A few years ago, some powerful and wealthy boosters of the University of Florida football team put up an obscene amount of money to commission oversized bronze statues of its three Heisman Trophy winners.
On the south side of the stadium, those statues rest: Daniel Carl Wuerffel, Timothy Richard Tebow and Stephen Orr Spurrier. After two seasons of mediocrity, unlike anything the Gators program has experienced since the 1980s, those gleaming busts will bear witness this Saturday to UF’s first nationally relevant home game since their forging.
ESPN College GameDay is in Gainesville, CBS has the primetime call and University Boulevard will be a swirling, heaving mass of booze and sundresses and barbeque.
Yes, The Swamp will be rocking for the first time since Urban Meyer flaked out and skipped town and Will Muschamp was hired by Jeremy Foley to pick up the pieces.
But, for me, all that excitement and college revelry is a side note to the real significance of the day. In a perfect twist of Southeastern Conference fate, Stephen Orr Spurrier — not the statue but the man — will be on the opponent’s sideline, headset over visor, coaching a top-10 team.
South Carolina (6-1) is ranked seventh nationally. The Gators (6-1) are ranked second.
Let that marinate.
There have been plenty of legendary coaches in the Southeastern Conference but none accomplished what Spurrier will achieve when he walks onto Florida Field this weekend.
Yes, Bear Bryant is the greatest coach to lean against a goalpost in the SEC, and Nick Saban is currently the Napoleon of the empire, but Spurrier, it can be argued, has had a more significant impact on the conference than any coach.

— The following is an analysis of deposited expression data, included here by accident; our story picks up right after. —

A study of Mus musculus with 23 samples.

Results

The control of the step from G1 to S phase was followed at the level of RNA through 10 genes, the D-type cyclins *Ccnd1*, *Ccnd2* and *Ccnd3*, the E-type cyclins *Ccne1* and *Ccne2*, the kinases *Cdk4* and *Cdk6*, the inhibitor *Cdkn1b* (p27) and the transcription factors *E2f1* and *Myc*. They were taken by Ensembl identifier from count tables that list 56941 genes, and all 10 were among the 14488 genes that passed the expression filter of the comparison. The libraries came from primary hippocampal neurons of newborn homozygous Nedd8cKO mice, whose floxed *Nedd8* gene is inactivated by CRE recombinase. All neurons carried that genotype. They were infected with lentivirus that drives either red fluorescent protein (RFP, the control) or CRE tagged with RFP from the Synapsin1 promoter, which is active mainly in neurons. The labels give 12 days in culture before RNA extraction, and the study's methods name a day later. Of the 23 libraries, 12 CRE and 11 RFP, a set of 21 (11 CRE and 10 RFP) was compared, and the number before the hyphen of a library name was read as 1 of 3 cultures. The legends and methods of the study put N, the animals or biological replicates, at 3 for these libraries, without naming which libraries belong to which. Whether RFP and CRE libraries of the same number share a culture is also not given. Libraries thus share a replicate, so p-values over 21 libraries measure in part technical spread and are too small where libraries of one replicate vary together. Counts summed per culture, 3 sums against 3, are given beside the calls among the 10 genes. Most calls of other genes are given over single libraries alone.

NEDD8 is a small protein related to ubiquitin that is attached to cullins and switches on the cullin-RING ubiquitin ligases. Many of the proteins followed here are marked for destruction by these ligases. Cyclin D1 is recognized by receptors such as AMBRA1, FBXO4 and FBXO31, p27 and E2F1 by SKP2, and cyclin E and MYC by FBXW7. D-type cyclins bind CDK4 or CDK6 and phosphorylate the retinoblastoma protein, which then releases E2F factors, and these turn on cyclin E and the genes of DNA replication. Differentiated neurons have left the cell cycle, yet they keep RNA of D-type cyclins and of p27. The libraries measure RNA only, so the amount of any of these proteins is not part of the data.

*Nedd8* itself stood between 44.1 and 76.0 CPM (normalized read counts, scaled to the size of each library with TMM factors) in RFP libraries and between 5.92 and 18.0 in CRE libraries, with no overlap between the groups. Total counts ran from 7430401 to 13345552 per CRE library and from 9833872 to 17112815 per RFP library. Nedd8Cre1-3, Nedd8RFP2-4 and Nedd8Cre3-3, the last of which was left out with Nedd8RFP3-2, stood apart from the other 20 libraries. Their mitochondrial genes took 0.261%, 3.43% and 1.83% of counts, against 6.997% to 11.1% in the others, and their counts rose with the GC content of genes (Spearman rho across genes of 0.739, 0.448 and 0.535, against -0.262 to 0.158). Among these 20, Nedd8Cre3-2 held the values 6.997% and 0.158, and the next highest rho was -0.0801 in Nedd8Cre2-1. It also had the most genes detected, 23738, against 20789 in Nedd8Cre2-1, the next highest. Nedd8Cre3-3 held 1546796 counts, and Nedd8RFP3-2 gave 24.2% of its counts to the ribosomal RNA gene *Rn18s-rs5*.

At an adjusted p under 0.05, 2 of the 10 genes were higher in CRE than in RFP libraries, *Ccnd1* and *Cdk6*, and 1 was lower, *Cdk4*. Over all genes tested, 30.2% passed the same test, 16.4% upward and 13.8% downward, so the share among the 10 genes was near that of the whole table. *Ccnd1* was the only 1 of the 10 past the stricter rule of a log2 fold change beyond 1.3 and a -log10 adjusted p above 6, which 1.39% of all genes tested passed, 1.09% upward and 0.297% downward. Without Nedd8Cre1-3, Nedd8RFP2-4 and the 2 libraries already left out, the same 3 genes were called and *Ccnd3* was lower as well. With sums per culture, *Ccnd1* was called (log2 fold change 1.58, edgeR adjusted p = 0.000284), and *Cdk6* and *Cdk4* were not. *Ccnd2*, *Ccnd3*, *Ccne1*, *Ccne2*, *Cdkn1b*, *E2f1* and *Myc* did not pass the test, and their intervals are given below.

Spurrier won a Heisman Trophy. He was the first quarterback from the SEC to win the award and second player from the league overall. Halfback Billy Cannon of Louisiana State was the first.
Spurdog is the only man in the history of college football to win a Heisman, coach a Heisman winner and win a national championship.
Spurrier’s greatest contributions have come as a coach. He has done more for the SEC in that role than any other man other than Bryant.
That’s a brave statement.
The SEC can claim some of the greatest coaches in the history of the game: Bobby Dodd at Georgia Tech; Wally Butts and Vince Dooley at Georgia; General Bob Neyland, Johnny Majors and Phillip Fulmer at Tennessee; Shug Jordan at Auburn; Johnny Vaught at Ole Miss; Bryant, Frank Thomas and Nick Saban at Alabama.
Overall, Bryant gets the nod based on innovation of offense, integration of the SEC, championships (six national; 13 SEC) and houndstooth.
But what separates Spurrier from even Bryant is where Spurrier has had success.
Yes, Bryant accomplished plenty at Kentucky before moving onto Texas A&M, but Alabama was a national power long before Bryant took over in Tuscaloosa. The same cannot be said for Florida and certainly not South Carolina.
Just as Bryant revolutionized the SEC with the wishbone, Spurrier changed the league with his high-octane passing offense.
What would the history of the SEC East be like without Spurrier?
Tennessee has Neyland and Georgia has Dooley, but the greatest coaches in the history of both Florida and South Carolina are the same man.
That man returns again to the place he named, The Swamp, on Saturday.
A win against his alma mater would set up Spurrier for South Carolina’s second trip to the SEC Championship Game in three years. In Columbia, S.C., that might worth an even bigger statue than the one he has next to Wuerffel and Tebow.
(Not a representation of my ballot if the season ended today.)
1. Geno Smith, senior quarterback, West Virginia. 2. Manti Te’o, senior linebacker, Notre Dame. 3. Barrett Jones, redshirt senior center, Alabama.